Fertility has “really been on my mind,” says Alex, a 26-year-old Toronto PhD candidate whose mother always told her to wait at least until she’s 30, and who doesn’t think she’ll even be close to a tenure track position before then. What she really wants, however, is “information that reaches beyond ‘mom knows best.’ Would it be so hard to organize a roundtable about it?”
Another young woman, a 27-year-old corporate lawyer, has taken the plunge and gotten pregnant, the first of her friends to do so. “They were a little shocked,” she says, adding that most of them haven’t considered the matter of their fertility seriously at all.
“The message being given to young women, or at least young professional women, is to focus on our careers, our marriages and our personal enjoyment – travel etc. – and that the ‘right’ time to have children is well after we’ve hit 30,” she says.
A third woman, turning 30, with a committed partner and a great job, made fertility sound like the new “f” word as she glumly remarked to a friend ,“My doctor told told me my fertility just dropped 50 per cent. Crap.”
The latest science shows that there is a marked decline in a woman’s fertility after the age of 35, and pretty dismal success rates with treatments such as in vitro fertilization. So some family doctors are beginning to say what was unsayable a generation ago. They are telling young women today that there is a starker choice to make about when to have children than their mothers had led them to believe.
I am one of those mothers. I not only had my children successfully in my mid-thirties after my career was well established, but I have proselytized since my daughter was young that getting a career well under way before you have babies is paramount. Now that she is 25, I am wondering if I should keep my mouth shut.
Giving in to biology feels like a retreat from everything women have fought for – not the hoary old “yes you can have it all” (you can, but in stages), but the sense that to be a self-sufficient, self-fulfilled and a contributing member of society, you need to, as the stunningly successful Sheryl Sandberg, COO of Facebook, has put it, “lean into the work.” By the way, she’s worth millions and says she leaves work every day at 5:30 to eat dinner with her kids. Lucky her.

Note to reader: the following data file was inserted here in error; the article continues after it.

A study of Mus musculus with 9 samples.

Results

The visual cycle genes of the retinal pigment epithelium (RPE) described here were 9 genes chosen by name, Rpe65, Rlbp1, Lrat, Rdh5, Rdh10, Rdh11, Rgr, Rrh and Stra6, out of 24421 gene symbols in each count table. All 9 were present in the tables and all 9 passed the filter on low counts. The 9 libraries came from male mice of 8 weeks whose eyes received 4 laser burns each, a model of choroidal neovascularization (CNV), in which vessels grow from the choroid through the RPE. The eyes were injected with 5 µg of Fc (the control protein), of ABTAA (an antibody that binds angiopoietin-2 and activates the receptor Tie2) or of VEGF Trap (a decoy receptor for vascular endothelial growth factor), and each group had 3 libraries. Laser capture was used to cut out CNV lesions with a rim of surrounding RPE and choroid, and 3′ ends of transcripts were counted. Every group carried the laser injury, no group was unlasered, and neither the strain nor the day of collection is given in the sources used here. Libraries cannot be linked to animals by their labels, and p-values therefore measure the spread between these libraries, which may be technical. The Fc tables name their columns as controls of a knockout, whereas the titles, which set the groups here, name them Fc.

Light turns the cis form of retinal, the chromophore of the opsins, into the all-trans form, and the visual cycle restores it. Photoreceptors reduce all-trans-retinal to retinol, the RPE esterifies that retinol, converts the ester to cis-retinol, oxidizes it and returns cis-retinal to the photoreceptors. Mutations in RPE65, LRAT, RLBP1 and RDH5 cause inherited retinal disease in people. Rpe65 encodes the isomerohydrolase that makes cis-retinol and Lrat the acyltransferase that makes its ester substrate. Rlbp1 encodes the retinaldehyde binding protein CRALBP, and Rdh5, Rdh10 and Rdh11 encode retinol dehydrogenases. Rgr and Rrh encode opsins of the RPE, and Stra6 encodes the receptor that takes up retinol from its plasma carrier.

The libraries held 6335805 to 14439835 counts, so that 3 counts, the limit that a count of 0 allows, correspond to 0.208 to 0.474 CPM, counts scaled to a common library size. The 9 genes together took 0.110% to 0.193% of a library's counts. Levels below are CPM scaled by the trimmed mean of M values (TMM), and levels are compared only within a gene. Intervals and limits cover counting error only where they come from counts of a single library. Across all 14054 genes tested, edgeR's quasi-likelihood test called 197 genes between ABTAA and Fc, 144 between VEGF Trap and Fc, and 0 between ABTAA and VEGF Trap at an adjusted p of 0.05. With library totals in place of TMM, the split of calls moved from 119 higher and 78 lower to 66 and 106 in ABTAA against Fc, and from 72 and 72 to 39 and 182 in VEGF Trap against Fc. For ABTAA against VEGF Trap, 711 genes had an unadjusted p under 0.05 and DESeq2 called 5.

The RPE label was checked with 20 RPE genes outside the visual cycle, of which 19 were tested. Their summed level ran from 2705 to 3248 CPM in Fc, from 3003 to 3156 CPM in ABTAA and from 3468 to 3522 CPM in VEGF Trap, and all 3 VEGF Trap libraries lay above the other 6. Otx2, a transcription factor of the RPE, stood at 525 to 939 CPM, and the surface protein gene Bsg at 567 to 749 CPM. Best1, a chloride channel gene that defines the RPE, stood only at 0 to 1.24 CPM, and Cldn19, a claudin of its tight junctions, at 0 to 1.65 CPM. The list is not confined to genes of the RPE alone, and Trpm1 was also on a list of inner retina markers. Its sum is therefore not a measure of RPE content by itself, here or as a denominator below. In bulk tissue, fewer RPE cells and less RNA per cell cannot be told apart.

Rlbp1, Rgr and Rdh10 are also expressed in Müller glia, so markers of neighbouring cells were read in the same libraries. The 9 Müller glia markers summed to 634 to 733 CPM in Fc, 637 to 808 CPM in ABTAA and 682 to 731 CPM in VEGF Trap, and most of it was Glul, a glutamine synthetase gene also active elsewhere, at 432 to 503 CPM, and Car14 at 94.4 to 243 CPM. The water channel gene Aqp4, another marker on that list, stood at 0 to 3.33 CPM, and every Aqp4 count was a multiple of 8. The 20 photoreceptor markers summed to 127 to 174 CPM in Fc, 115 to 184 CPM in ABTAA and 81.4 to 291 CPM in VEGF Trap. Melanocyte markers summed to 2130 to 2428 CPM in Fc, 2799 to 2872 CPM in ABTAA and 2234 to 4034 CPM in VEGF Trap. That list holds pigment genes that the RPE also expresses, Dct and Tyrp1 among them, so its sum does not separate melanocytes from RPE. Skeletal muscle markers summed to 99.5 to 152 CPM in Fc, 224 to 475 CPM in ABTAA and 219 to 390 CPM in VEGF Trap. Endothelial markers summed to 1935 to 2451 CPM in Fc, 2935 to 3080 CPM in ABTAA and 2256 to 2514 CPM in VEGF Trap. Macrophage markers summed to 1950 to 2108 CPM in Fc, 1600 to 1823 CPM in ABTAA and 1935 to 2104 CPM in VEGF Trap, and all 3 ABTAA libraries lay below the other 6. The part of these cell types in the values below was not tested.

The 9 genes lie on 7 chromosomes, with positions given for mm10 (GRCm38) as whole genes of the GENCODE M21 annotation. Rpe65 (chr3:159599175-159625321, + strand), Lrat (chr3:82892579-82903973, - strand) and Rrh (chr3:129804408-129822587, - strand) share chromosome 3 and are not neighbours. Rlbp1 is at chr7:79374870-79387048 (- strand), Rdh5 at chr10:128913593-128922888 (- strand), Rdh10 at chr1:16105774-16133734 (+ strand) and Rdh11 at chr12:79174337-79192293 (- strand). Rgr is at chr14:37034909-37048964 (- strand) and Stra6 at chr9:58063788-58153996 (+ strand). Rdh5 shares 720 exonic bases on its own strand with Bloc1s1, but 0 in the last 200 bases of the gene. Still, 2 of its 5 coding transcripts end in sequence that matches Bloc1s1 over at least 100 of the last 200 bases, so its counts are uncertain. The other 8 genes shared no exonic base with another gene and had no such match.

This new brutal reality check on fertility is landing hard on a generation of well-educated – often multi-degreed – young women, many of whom have been slow to get going professionally, thanks to a worldwide economic collapse and a general delay within their cohort in achieving the milestones of adulthood. (A recent study says that 51 per cent of Canadians under 29 still live at home, for god’s sakes.)
Are we now supposed to tell them forget that trek through New Zealand or a second degree, have a baby instead?
Fertility is a huge complex topic with undercurrents that are barely discussed.
Anne Rochon Ford, executive director of the Canadian Women’s Health Network, acknowledges that fertility rates are declining – for both sexes – but argues that “attributing it to ‘waiting too long’ – funny, the men are never told that! – is a simplistic and short-sighted approach.”
Could this new pressure to go younger into maternity be, as Ms. Rochon Ford suggests, “unconscious misogyny?” It definitely puts women, she says, “in a damned-if-you-do, damned-if-you-don’t situation that is deeply unfair.”
There is also a growing body of literature on how environmental hazards affect the fertility of both women and men. Chemicals unprettily called “reproductive toxicants,” of which there are thousands, have not been studied enough.
One thing seems clear to me: Young women – and men – are crying out for more factual, emotionally neutral information on how their fertility works. “They don’t teach us when to get pregnant!” said one London School of Economics grad at a party, while her male counterpart added, “this definitely affects me too, and everyone I date.”
Having and raising children was the great joy and challenge of my life. No matter what age you have them, babies go off like a bomb in a woman’s professional life, evoking, along with the heady scent of baby powder, Donald Rumsfeld’s “known unknowns” escalating to “unknown unknowns,” from the health of the baby to the deep, true intoxicating pull of motherhood.
The mid-thirties timing worked for me because of a flexible profession, a husband who shouldered a greater financial burden, and my deep belief that I hadn’t been ready before then to have kids.
While a few friends struggled with fertility, most women I knew did just fine – our bodies agreed with us that getting pregnant even in our mid- to late-thirties was a great thing to do. As one of them said to me: "I would rather my daughters be ready in whatever way they choose, than have children based on fertility rates.”
So who am I to tell my daughter that waiting as long as I did may be dicey? Thankfully, I have raised her to have a mind – and body – of her own. She may listen, but she’ll do what’s right for her.